I didn’t think anyone this summer could top Fetty Wap and Future. The former had about a billion singles — it seemed like every other song on the radio was one of his. The latter dropped his third project in six months in the middle of July. Fetty, Future and The Weeknd (who appeared on the Hot 100 PLENTY with “Can’t Feel My Face” and “The Hills“) ruled the summer of 2015. Until Meek Mill called out Drake for not writing his own lyrics. All the attention for the next two
weeks months was on Drake and, subsequently and unfortunately for him, Meek Mill.
Drake released “Charged Up” and “Back to Back,” which wound up charting as high as No. 21 in Billboard‘s Hot 100, in response to Meek Mill’s accusations. The summer was now Drake’s. He “won” the battle that Meek unpreparedly created, but it’s really because Meek didn’t think Drake was doing something in return. It took Meek over a week and a half to release his first “diss,” which was “Wanna Know,” but it was far too late. Drake piled on and on and on, including a couple shots and rumored third and ultimate diss that was set to release at the end of OVO Fest. That final song never came out, but it didn’t matter at that point. The damage was done. Meek has been silent since, even after releasing his most commercially successful album, Dreams Worth More Than Money, a couple weeks previous to the “beef.”
In the middle of it all, though, Drake released two additional songs, “Right Now” and “Hotline Bling,” because we all knew the tough version of Drake wouldn’t be here without his soft, easily criticized side. “Hotline Bling,” a couple weeks after it’s release (and after being played out in my car and home), started to bubble with mainstream America.
On August 22, three weeks after its release, it charted at No. 66 on Billboard‘s Hot 100 and two months later, it hit as high as No. 2. The end of the summer really was Drake’s. And in between, he dropped an album with the guy whom he took the crown from, Future, with What A Time To Be Alive.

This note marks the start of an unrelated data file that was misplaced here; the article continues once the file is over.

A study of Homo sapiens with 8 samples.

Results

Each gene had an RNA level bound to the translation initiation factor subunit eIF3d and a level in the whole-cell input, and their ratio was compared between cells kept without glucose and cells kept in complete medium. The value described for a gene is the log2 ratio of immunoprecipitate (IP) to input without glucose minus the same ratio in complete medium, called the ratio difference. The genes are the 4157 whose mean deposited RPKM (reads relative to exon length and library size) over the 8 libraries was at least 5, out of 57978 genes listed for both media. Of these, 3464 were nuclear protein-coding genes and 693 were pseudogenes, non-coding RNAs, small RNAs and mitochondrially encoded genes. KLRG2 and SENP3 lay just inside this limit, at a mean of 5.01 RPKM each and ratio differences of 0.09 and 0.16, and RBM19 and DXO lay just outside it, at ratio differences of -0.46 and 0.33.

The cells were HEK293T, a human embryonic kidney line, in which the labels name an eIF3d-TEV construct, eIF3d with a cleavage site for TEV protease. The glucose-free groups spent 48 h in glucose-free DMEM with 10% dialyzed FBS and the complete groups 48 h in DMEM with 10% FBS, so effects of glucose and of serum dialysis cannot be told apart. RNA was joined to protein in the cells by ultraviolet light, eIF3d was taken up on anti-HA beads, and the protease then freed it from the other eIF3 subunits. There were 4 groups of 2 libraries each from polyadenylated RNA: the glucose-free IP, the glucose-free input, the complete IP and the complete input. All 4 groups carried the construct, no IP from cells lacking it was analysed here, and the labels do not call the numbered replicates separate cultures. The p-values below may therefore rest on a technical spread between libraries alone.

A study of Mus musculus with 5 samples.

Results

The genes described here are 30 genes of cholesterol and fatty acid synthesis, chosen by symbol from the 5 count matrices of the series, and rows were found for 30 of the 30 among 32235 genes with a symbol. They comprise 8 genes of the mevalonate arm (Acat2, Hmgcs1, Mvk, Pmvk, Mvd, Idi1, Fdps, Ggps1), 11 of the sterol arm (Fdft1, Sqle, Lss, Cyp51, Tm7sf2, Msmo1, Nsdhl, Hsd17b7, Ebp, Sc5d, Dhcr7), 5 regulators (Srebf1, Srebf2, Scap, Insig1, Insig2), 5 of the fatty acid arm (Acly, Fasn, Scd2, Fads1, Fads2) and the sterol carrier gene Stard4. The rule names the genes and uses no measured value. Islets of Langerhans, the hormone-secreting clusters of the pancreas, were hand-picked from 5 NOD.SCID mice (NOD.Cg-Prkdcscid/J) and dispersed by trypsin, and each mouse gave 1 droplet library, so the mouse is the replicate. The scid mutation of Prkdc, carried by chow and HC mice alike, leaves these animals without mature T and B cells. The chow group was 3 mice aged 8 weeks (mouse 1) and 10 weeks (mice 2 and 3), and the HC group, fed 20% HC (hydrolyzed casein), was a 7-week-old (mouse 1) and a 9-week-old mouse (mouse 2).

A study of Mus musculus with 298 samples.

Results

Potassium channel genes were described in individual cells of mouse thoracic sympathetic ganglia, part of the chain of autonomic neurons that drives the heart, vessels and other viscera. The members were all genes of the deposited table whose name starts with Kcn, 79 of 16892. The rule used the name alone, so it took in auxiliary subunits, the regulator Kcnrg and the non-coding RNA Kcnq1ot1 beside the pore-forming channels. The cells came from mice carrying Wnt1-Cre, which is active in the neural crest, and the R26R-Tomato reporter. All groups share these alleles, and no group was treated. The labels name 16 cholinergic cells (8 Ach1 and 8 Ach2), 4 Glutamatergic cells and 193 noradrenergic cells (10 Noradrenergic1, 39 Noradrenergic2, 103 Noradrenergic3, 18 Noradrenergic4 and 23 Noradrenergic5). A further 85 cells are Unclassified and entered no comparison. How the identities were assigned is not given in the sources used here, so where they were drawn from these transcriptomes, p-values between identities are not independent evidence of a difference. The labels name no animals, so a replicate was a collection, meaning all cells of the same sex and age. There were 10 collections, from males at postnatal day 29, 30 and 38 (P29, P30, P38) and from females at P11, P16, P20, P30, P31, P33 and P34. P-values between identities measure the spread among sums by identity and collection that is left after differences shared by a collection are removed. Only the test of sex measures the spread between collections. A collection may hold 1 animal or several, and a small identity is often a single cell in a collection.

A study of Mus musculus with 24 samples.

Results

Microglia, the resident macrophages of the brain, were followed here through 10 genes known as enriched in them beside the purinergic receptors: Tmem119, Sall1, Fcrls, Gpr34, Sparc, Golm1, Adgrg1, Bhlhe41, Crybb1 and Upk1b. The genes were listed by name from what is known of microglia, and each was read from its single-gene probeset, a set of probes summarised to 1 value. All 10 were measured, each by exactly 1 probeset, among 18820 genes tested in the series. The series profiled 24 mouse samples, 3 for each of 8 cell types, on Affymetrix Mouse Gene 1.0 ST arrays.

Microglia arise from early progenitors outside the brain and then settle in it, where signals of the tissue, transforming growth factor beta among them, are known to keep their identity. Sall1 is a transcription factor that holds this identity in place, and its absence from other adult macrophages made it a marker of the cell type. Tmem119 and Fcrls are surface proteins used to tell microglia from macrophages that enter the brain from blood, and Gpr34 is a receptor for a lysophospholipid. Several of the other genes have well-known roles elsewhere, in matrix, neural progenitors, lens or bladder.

Drake, and especially “Hotline Bling,” are easy to digest, which allows for millions on millions to relate and enjoy. The production isn’t anything crazy, and “ever since I left the city YOU,” followed by whatever nonsensical issue Drake has with a girl moving on, is easy to sing along and enjoy, no matter how irritating Drake’s issues may be.
Over the last year, Drake’s minimalistic approach to his music (i.e. “Legend,” “0 to 100,” “Know Yourself“) has allowed him to become so much bigger than anyone really thought he could be. The beef with Meek, and then releasing a hot single (AND a hot album with the second hottest emcee in the game) was the perfect formula to win over nearly the entire rap world — even if he doesn’t write his own rhymes, which is the gravest crime anyone who considers himself one of the “greatest ever” can be accused of.
“Hotline Bling,” for me, will symbolize this summer more than “Charged Up” or “Back to Back” will. It’s more of a typical Drake song — one that fits the vibe of the summer much better than the two diss tracks did and is full of love and complaints. And it symbolizes Drake’s power more than anything. He drops two anti-Meek tracks, swipes away the man who came at him after selling 250,000 copies of an album, and continued on with his life as if the man never existed, making a song he dropped within the beef one of the top songs in the country.
I hope this visual can symbolize the end of the absolute bat-shit-insane summer, because I’m damn tired of hearing/writing about it. (Not to mention, this video is pretty damn forgettable.) I’m ready for this cold ass winter, and I’m hoping the rap world’s music follows suit.
Directed by Director X, Drake’s simplistic “Hotline Bling” video can be seen below, courtesy of Apple Music.
And since I know y’all are looking for the .gifs, I’ve included a few below.